Labels on coffee bags are confusing. Direct trade, Fair Trade? How many different kinds of trade are there? Organic, shade grown? Which is better for the environment?
This article puts a little bit of meaning back into those labels so that next time you’re shopping for coffee, hopefully things are a less overwhelming.
Bird Friendly is the Smithsonian Migratory Bird Center’s certification. It starts with protecting migratory birds and their habitats, but it doesn’t stop there. To earn this certification, the coffee has to be certified organic and meet shade and habitat standards, the highest of any coffee certification. Farmers aren’t guaranteed a set price for Bird Friendly coffee, but generally they receive a premium for their organic certification.
There’s no official Direct Trade certification, it’s simple a direct purchase by a coffee roaster or company with the farmer, cutting out as many middlemen as possible. Since there’s no certification, there’s no set standards. However, it generally means higher quality coffee and that means higher premiums for the farmers. The drawback is that there’s no exact standards for environmental or labor practices. Many coffee roasters do require certain standards, but when it comes to direct trade you may want to do a little bit of reading and research to find out exactly what you’re buying.
Fair Trade is probably the most popular and well known label. It’s a certification by the Fairtrade Labeling Organization International and TransFair USA in the United States. To be fair trade, coffee has to meet certain environment and labor standards. The farmers than receive a higher premium for their coffee above the traditional rates. One thing to note is that Fair Trade doesn’t necessarily mean organic.
The USDA certifies coffee Organic. To earn that label, a farm must not use any banned substances for three years. The list of banned substances includes most synthetic fertilizers, herbicides and pesticides. Plus, there has to be a buffer between organic crops and traditional crops, sustainable agricultural, plans to prevent soil erosion.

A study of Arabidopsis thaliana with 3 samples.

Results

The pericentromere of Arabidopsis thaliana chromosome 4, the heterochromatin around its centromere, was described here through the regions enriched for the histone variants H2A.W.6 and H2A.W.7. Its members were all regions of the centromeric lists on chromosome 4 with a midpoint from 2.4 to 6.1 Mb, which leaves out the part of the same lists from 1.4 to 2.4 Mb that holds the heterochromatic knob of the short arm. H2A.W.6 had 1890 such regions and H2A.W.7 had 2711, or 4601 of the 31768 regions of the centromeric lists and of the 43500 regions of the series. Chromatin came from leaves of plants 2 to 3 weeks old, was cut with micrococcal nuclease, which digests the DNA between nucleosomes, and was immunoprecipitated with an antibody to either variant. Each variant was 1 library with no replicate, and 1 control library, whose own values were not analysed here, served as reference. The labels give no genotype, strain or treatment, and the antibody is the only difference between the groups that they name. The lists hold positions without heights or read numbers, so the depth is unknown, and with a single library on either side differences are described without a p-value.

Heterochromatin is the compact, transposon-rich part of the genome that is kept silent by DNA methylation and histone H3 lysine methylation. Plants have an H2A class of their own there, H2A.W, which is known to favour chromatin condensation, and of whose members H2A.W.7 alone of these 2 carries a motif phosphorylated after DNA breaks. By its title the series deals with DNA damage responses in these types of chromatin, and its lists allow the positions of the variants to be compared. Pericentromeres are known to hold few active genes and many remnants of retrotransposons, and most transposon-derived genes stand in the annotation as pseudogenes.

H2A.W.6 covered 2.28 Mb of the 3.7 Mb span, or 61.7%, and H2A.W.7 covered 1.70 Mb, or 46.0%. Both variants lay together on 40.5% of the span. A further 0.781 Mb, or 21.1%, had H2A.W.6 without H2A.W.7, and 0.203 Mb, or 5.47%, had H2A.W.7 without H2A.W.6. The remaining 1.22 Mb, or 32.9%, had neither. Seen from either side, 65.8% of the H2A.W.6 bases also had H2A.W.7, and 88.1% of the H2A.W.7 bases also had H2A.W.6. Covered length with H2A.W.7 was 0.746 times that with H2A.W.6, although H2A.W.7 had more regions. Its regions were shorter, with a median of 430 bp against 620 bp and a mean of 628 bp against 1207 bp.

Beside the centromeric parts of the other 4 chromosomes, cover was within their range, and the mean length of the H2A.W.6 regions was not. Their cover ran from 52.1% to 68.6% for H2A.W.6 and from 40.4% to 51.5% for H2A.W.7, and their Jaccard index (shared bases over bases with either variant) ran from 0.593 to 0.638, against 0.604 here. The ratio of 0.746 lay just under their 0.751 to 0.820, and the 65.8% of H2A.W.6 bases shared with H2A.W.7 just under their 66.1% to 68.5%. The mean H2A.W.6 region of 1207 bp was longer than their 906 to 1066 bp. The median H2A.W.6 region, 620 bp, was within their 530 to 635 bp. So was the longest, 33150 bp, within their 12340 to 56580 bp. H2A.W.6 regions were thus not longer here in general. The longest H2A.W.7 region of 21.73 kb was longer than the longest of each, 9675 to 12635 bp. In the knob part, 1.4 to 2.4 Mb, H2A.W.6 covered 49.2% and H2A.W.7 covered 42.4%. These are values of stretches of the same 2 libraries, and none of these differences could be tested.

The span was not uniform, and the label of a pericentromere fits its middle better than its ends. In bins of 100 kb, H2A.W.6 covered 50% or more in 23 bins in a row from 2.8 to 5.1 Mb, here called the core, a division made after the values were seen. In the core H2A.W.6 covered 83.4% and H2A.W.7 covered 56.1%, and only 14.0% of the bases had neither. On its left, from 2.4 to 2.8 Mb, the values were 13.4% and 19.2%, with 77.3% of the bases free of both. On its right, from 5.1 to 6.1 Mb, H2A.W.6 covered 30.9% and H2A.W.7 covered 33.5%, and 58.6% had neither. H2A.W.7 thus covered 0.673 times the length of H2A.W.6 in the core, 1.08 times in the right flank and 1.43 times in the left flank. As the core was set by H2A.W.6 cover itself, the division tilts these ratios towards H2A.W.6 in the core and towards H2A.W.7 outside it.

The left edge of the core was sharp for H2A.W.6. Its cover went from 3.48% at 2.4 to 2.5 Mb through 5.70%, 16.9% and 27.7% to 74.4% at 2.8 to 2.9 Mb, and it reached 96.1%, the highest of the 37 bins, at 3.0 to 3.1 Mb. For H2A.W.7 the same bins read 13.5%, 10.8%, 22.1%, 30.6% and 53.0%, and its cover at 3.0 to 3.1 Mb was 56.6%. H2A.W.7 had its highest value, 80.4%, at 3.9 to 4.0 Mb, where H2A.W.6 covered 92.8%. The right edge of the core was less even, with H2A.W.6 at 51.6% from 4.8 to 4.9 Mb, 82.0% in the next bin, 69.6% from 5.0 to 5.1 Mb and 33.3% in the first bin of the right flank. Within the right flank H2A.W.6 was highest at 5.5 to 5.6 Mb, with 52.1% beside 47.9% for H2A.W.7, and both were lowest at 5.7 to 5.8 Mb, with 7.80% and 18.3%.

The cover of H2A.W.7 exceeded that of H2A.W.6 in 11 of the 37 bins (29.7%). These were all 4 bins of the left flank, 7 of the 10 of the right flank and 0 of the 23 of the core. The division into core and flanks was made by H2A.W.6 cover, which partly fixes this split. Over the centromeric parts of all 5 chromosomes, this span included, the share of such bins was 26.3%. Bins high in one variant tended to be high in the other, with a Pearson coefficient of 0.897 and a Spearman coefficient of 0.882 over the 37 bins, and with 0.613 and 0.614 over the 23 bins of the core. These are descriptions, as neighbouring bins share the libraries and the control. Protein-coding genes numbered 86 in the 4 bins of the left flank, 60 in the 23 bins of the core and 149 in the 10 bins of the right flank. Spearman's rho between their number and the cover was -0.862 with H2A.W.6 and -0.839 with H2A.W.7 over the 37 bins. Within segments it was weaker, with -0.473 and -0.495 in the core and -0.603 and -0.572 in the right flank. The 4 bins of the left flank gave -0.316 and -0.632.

The Rainforest Alliance is a non-profit, non-governmental organization that developed sustainable certifications for coffee. To earn this certification, coffee must meet a variety of requirements including reducing threats to the environment and human health, protecting wildlife habitat, etc. Think of Rainforest Alliance certification as a big checklist, to be certified a farmer has to get a certain number of requirements checked. Organic isn’t required and shade grown is one of the optional items on the list.
Both the Rainforest Alliance and Smithsonian have standards for shade grown coffee, but what exactly does that mean? Shade grown is coffee from farms grown under a natural canopy of trees. It incorporates natural ecology to promote a healthy environment for animals and plants.
UTZ has a baseline standard for “responsible coffee.” This includes good agricultural and business practices like traceability of coffee and record keeping of fertilizers. It also requires certain social standards like access to health care for the farmers, their employees and families, as well as education for the community’s children. As far as environmental requirements, it aims to prevent soil erosion, deforestation and protecting endangered species. There are some complaints about it being too vague and not really doing enough to help the farmers and protect the environment.
Which coffee certification is best?
That’s up to you to decide which one most aligns with your values.
Let us know in the comments if you find certifications useful?
Do they just add to the price or do they provide real value to the consumer?
Have you ever made a purchasing decision based on one of these labels? If so which one?
As always, keep your suggestions coming for future articles.